Everything You Need to Know About Dementia 

It can be difficult handling a diagnosis of dementia in yourself or a loved one. This relatively common mental disorder affects 50 million sufferers globally. We provide you with a breakdown of important aspects to understand about the condition, including how you can identify it early and possibly slow down its progression.

Explaining Dementia

What is dementia? It is a disorder that is characterized by a decrease in cognitive abilities. Various functions are disrupted, and these can impact the capacity for coping with daily tasks and interactions. Some functions that are affected are basic thinking (e.g., logic, sequences), memory recall, problem-solving and decision-making skills, and language breakdown. Relationships, feelings and consequent behaviors, and independence are also compromised.

It is important to distinguish between the normal signs of aging and dementia. The latter is caused by irregular changes to the brain and not the wear and tear of the body as one ages.

Causes of Dementia

Dementia includes all diseases that result in brain cells being damaged or destroyed. Alzheimer’s Disease is one such type of dementia. Depending on which part of the brain has been damaged, the functions usually carried out by that area are affected. Alzheimer’s Disease does its damage to the hippocampus region of the brain. Once these brain cells and connecting fibers have been damaged they fail to communicate as intended.


Age is the leading risk feature for developing dementia, with more than four-fifths of cases being linked to an age over 74. From 60 years old, the risk is doubled every decade. Age is the main factor in getting Alzheimer’s disease, with a higher two-fold risk every five years over 64 than other types of dementia.  Another high-risk factor is a family history of dementia. If your parent developed dementia prior to turning 80, you have double the chance of being affected.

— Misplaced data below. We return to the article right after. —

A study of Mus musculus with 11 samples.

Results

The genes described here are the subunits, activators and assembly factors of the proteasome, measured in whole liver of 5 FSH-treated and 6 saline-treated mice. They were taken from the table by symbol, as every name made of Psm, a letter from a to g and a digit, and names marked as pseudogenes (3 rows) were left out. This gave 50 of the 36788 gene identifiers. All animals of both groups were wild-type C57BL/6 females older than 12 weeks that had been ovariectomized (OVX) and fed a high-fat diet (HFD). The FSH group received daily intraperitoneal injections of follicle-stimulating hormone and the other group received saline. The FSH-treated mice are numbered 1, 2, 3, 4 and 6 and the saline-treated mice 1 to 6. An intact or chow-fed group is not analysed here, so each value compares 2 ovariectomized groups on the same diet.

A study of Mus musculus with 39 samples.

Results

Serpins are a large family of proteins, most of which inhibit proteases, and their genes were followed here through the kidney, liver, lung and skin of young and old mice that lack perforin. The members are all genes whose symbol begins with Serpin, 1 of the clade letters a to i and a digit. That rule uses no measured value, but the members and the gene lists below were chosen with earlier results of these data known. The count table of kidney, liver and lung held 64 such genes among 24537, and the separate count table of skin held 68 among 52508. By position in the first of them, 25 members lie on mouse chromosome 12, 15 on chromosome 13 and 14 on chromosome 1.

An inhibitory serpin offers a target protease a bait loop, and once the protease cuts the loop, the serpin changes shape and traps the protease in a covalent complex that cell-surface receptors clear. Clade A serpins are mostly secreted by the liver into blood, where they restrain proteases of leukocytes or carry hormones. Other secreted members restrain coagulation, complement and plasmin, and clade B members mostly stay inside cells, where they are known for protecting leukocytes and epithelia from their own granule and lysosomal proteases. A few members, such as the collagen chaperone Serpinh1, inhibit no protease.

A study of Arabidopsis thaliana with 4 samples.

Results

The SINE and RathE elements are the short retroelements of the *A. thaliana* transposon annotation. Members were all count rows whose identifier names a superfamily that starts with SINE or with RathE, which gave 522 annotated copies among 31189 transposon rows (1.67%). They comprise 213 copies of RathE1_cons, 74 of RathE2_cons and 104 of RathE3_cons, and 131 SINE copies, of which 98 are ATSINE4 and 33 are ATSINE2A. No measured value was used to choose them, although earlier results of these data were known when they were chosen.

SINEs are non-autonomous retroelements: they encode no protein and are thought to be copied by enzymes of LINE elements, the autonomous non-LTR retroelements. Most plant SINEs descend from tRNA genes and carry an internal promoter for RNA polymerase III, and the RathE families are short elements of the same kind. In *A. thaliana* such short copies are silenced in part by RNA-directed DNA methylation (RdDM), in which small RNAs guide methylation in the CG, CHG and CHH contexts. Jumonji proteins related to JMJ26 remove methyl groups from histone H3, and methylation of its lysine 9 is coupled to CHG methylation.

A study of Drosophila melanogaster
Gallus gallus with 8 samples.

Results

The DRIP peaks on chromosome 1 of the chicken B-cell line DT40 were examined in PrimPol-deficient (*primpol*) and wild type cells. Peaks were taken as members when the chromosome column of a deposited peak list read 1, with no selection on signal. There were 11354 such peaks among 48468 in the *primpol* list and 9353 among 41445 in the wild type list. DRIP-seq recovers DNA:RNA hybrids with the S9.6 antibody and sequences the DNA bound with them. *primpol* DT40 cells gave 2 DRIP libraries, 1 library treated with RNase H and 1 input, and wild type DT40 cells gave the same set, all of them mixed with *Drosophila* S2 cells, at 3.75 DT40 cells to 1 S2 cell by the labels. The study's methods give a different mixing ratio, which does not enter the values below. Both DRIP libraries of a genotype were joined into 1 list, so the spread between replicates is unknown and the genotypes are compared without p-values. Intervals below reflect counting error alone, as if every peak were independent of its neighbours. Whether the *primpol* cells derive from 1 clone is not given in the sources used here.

Other factors have been linked to getting dementia. Some of these can be managed, like hypertension and diabetes, or eradicated by becoming more active after following a sedentary lifestyle, drinking in moderation or giving up alcohol, and being socially isolated.

Detecting Early Symptoms

The person with dementia is less likely to pick up the progressive symptoms leading to diagnosis than family and/or friends. These are the symptoms to look out for:

  • Withdrawing from friends and family
  • Signs of stress or agitation
  • Reduction in caring for pets properly
  • Repetitive speech and/or behavior
  • Problems with time management
  • Not managing budget
  • Change in personality
  • Decline in work performance
  • Appearing disinterested in hobbies
  • Difficulty with remembering words
  • Writing and speech degeneration

Note that this list applies to new symptoms that appear suddenly or get worse progressively. For example, much younger, healthier people often misplace their keys.

You can track the seven stages of dementia online and find out how to help a parent with dementia with numerous resources. Additionally, you can access a quiz at this link to determine if your loved one or yourself has signs of dementia: The test can be repeated as many times as required.

Dementia can be lonely to live with. Get the best possible care for your loved one.